Marine Services: Decontaminating a Vessel

Posted by Mark Campanale

By Eric Chebator, Environmental Specialist

In a faulting economy pleasure boats and working vessels are being cast off into abandonment. Usually a money-pit for extra income, boats are now being found to be deserted to avoid disposal and storage fees. An estimated 12,000 dollars can amount for removal costs of just one sunken sailboat. California alone spends about 500,000 dollars each year removing orphaned recreational boats. These boats rotting away in boatyards or floating up onshore begin to leak oil and degrade hazardous bottom paint. Boat bottom coating usually contains Chromium, Lead, and Mercury among other hazardous chemicals which can lead to a dangerous environmental fate. Marine services such as proper decontamination, recycling, and decommissioning of these vessels can lead to a positive environmental impact. Costs for dismantling and recycling of vessels are usually only 15-20 dollars per foot. That is nothing compared to the estimated 1500 dollars for vessel abandonment fines!  Best management practices for decommissioning and disposing of vessels include:

• Emptying the boat's fuel tanks for reuse or disposal of used gasoline as hazardous waste

• Remove and recycle/dispose of the following boat parts and fluid:

  o Used oil

  o Used antifreeze

  o Boat engine (can be recycled as scrap metal) 

  o Any metals that can be recycled (aluminum, lead, zinc)

  o Refrigerants

• Remove all mercury containing devices (i.e., some electronic equipment, bilge pump switches, old ship's barometers) and handle as hazardous waste.

• Decontaminate the hull with pressure washer and dispose of the wastewater as hazardous waste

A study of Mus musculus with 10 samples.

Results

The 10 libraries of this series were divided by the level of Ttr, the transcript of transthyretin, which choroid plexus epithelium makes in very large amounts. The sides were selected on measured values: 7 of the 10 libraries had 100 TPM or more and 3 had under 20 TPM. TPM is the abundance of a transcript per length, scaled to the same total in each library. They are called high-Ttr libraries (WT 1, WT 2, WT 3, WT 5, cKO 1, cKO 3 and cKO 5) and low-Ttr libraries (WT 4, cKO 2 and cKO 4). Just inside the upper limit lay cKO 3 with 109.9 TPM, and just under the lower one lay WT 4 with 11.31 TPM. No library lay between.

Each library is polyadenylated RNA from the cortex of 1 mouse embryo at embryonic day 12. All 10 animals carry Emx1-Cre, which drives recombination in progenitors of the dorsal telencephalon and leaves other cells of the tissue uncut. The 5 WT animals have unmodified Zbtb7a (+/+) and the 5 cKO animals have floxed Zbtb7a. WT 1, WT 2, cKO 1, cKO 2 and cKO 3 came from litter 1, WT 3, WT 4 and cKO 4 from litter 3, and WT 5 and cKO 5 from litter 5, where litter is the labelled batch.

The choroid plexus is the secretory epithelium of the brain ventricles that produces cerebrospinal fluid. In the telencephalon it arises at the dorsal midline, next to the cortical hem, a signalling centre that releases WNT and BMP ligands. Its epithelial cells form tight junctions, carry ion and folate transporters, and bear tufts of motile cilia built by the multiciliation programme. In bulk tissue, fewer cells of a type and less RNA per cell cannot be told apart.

Once the vessel is completely stripped it can then be cut into smaller pieces and disposed of in a local landfill. Proper permits and equipment is required for some of these decontamination procedures so be sure to contact a professional environmental services firm prior to disposal.


Posted by Rebecca McDaniel

By Ross Hartman, Corporate Service Director

Lead Prevention

Some products that contain lead exhibit hazardous characteristics that can be harmful to your health. Typically industrial manufacturing activities with poor house-keeping practices will lead to releases to the subsurface. Some products that contain high levels of leachable lead are:

• Waste Oils
• Fly Ash
• Paints
• Foundry Sands
• Metal Slag

What can happen if you do not decontaminate soil that contains lead?

Both organic and inorganic contaminates can come from sources including agricultural runoffs and industrial waste materials. Soil pollution can result in water pollution if lead spreads to groundwater, or if soil runoff reaches a water source. Lead in the soil can also be a hazard for children who may be exposed to impacted areas. Furthermore, people who walk impacted areas track the contaminated substance into their homes with little to no awareness of the impact. Great care must be taken when handling or treating lead soil to prevent further cross contamination from the work place to the home.

According to the EPA, you can get lead in your body by breathing or swallowing lead dust or soil. Lead is extremely harmful to children and adults, and can lead to nerve disorders, memory problems, high blood pressure, and muscle pain among other consequences.

 

What happens if I need my soil decontaminated?

Soil remediation is conventionally performed by excavating the impacted soil and disposing of the material at a landfill. More and more we see the necessity to treat soil on-site through soil stabilization. Essentially, the lead in the soil needs to be stabilized by effectively changing the pH and eH levels. Treatment of lead contaminated soil effectively reduces the leachability. This allows property owners to benefit lower disposal costs or potentially reuse the material on-site.

Contact the National Lead Information center (http://www.epa.gov/lead/pubs/nlic.htm) for more information on lead hazards and prevention.